Kibesillah is pronounced cab-huh-silluh. Depending who you talk to the name is either from the Pomo words Kabe (rock) and sila (flat) or it means “Head of the Valley”. Kibesillah was known as “The Mother of Fort Bragg”.
For a short time Kibesillah was one of the most important of the early north coast towns. It was first settled in the 1860’s and in 1867 the first business, a blacksmith shop was established. In its prime it had twenty to thirty buildings including three hotels, three saloons, a public school and a Baptist Church. Nothing of these is left – not even a sign to say where Kibesillah is located.
Kibesillah had a chute that loaded, posts cordwood and tanbark. These products came from a mill located just to its south in Newport. The mill in Newport was owned by Calvin Stewart and James Hunter which was destroyed by fire in 1877. The mill was rebuilt in 1878 and it had a 25,000 foot per day capacity. The company owned 2,000 acres of timberland, but much of it was inaccessible to the technology of the time.
In 1882 C.R. Johnson bought an interest in their mill. Three years later the mill was moved to Fort Bragg where Stewart, Hunter and Johnson founded the Fort Bragg Redwood Company. With all the jobs gone the citizens of Kibesillah had little choice to follow the jobs to Fort Bragg hence why it was called “the Mother of Fort Bragg”. Only a few ranchers remained.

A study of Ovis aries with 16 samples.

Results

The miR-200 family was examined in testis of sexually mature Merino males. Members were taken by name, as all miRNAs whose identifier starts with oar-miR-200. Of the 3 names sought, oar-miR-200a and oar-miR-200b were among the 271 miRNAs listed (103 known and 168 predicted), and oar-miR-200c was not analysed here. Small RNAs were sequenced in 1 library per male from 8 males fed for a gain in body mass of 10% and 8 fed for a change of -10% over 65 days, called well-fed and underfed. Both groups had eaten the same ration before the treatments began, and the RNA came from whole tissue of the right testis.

The public school was there from 1898 when there were twenty-five pupils. By 1921 enrollment was down to seven and there five in 1923 and the school closed in 1928.
One memorable thing about Kibesillah was that it had its own newspaper, the North Coast Review. It only lasted two years. It was one of the many papers on the coast owned by William Heeser, the publisher of the Mendocino Beacon.
Reminiscences – Early Days on The Coast, A True Account of Fort Bragg, Kibbisillah & Vicinity
Published by the Mendocino County Historical Society, Inc. in 1970
This booklet was originally published in the Fort Bragg News and is dated December 12, 1919. However some of the few pictures are of a later time. The typed booklet gives a detailed anecdotal account of why Kibbisillah (note the different spelling to ours) is/was called the mother of Fort Bragg. There are many interesting anecdotes viz. On a Government map made in 1855 Pudding Creek was named "Duff River". The name became Pudding Creek, the booklet says, because "Duff" was the name of a sailor's pudding (plum duff) and the river was more of a creek and over a period of 50 years the name came to be Pudding Creek. C.R Johnson (the owner of the Union Lumber Company) is mentioned many times and he comes across as a very fair man with a strong sense of civic responsibility.